Vitamin D deficiency in the early 1930s was a crucial public health issue in the United States. In order to overcome this problem, government authorities implemented a plan of fortifying milk with vitamin D. Nowadays, milk in the United States is fortified with 400 IU per 100gr. Although milk became a good source of vitamin D, cheese and other dairy products such as creams are not among the best sources of vitamin D.
Unfortunately there are only few foods which are rich in this nutrient, hence vitamin D supplementation is very often recommended from healthcare practitioners.
In fact people that they do not actually have to care about vitamin D supplementation are people who are exposed to sunlight on a regular basis.
Recommended intake of vitamin D
The Institute of medicine of the NAS (National academy of sciences) has established an average daily intake (AI) of Vitamin D in order for every individual of each age group to meet his/her requirements. A value like that is established when the scientific data is insufficient to establish an RDA.
Daily AI for vitamin D
|Birth to 13y||200IU|
According to latest data of the Institute of medicine, intakes of vitamin D in both older and younger women do not meet the current recommendations. Specifically, the data suggests that more than 50% of women in total are not consuming the adequate amounts of vitamin D.
Foods rich in vitamin D
|Cod liver oil, 20gr||1,360||340|
|Tuna fish, in oil 90gr||200||50|
|Sardines, in oil 50gr||250||70|
|Milk, fortified with Vitamin D, 260gr||98||25|
|Margarines that are fortified with vitamin D, 20gr||60||15|
|Puddings, fortified with vitamin D, 130gr||50||10|
|Cereals fortified with vitamin D, 50gr||40||10|
|Eggs, (vitamin D is in the yolk), 1 whole||20||6|
|Liver, beef, 100gr||15||4|
|Cheese, yellow type, 30gr||12||4|
*DV= a reference that was established from FDA and helps consumers to decide if a food is rich or not in a particular nutrient. (Vitamin D DV=400IU)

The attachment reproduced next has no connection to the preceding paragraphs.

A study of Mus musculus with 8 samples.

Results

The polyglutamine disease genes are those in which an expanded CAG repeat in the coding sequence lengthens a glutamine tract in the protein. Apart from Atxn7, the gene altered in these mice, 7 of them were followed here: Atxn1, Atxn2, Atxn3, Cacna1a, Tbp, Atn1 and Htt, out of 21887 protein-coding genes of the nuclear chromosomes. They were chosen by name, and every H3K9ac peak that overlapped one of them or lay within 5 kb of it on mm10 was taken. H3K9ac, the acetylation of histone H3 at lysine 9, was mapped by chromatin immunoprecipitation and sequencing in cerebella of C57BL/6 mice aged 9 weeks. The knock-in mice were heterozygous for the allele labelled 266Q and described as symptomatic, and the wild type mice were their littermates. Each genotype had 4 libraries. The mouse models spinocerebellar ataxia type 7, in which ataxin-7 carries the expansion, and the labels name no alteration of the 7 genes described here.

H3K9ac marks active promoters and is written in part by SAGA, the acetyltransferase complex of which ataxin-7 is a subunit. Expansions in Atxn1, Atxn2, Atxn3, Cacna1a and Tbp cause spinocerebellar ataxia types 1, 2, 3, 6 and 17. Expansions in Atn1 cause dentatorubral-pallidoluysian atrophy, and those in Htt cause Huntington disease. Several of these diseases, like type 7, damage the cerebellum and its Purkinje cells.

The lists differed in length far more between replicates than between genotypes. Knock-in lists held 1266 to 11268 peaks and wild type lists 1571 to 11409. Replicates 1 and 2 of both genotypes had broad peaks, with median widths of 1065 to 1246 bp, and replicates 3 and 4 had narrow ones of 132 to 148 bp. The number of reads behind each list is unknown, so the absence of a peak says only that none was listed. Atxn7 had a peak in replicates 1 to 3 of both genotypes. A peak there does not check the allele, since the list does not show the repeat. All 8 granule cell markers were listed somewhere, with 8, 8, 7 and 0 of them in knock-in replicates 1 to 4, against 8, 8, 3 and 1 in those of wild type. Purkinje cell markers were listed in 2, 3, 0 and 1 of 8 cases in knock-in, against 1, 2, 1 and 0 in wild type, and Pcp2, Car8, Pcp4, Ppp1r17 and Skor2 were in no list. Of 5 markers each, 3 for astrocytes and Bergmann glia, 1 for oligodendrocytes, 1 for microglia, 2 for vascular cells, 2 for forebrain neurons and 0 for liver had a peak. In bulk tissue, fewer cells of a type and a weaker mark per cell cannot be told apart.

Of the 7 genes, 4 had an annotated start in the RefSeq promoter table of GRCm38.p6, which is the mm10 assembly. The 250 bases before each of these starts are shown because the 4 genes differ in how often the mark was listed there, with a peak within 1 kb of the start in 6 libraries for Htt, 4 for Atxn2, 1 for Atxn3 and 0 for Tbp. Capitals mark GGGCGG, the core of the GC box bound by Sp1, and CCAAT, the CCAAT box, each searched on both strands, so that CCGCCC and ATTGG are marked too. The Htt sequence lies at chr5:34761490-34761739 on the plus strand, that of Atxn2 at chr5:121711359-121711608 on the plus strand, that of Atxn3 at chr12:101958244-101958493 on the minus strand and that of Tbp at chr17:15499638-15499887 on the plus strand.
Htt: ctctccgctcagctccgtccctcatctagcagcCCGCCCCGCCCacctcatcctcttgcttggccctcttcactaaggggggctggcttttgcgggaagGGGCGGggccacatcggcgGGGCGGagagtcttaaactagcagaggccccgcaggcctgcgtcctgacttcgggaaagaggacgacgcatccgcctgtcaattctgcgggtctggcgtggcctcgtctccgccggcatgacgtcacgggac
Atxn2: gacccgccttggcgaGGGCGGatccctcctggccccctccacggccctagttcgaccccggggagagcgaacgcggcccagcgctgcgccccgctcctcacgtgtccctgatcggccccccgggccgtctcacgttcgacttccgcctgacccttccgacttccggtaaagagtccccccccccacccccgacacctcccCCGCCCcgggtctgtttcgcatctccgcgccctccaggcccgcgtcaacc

Sun exposure and vitamin D intake
According to research, exposing yourself to the sun is more important source of vitamin D than food, since the sunlight is more likely to provide you with the adequate amount of this nutrient to cover your needs. But how this is possible?
Well, UV rays from sun elicit vitamin D production in the skin. Of course, there are many variables that play an important role in this process such as: the geographic latitude, the season, the time of the day, the smog and the sunscreen.
All these factors affect the UV ray exposure and hence the vitamin D synthesis in the skin. Specifically, the exposure to sunlight from October to February in a cold country is insufficient to trigger noteworthy vitamin D synthesis in the skin.
Regarding sunscreens, those with a sun protection factor (SPF) of 8 or more, will stop UV rays that trigger vitamin D synthesis in your skin. Thus, a first exposure under the sun for 10-15 minutes without a sunscreen will give you the time you need to elicit the vitamin D synthesis.
After this period you can apply your sunscreen of at least 15 SPF to protect your skin from the damageable UV rays.
According to research, 10 to 15 minutes exposure to the sun without a sunscreen for at least two times per week is enough to get adequate vitamin D.
How to supplement with Vitamin D?
In 2006, in the American Journal of Clinical Nutrition, Houghton published an article in which he stated that vitamin D2, the synthetic assortment used for fortification in dairy products and foods, is much poorer than the natural form, vitamin D3.
Thus, he stated that D2 should not be added or used as a supplement or for fortification. What is more, author Goldberg and Cantona, reported that when a supplement D3 is taken, it is important to be followed by adequate calcium and magnesium, since these nutrients balance each other.
The more Vitamin D you get, the better?
According to recent studies, increased vitamin D intake may bring more health benefits than the adequate intake. For example, in April 2006, in the journal of Nutrition, it was stated that an additional 2600 IU/day of vitamin D intake, may be advantageous for older women and should be advised from healthcare professionals.
Another study, published in the American Journal of clinical Nutrition, stated that a 10000IU of vitamin D per day, triggered from the sun, was normal and only amounts of 40000 IU and over were found to be toxic for the human body.
It seems that more studies are needed on adequate intake and proper vitamin D levels. Considering that vitamin D3 is not dangerous at high levels and may offer extraordinary benefits without a known risk, it is recommended that people can get reasonable sun exposure without a sunscreen, consume foods that are rich or fortified with vitamin D, and when needed supplement with a vitamin D3 pill.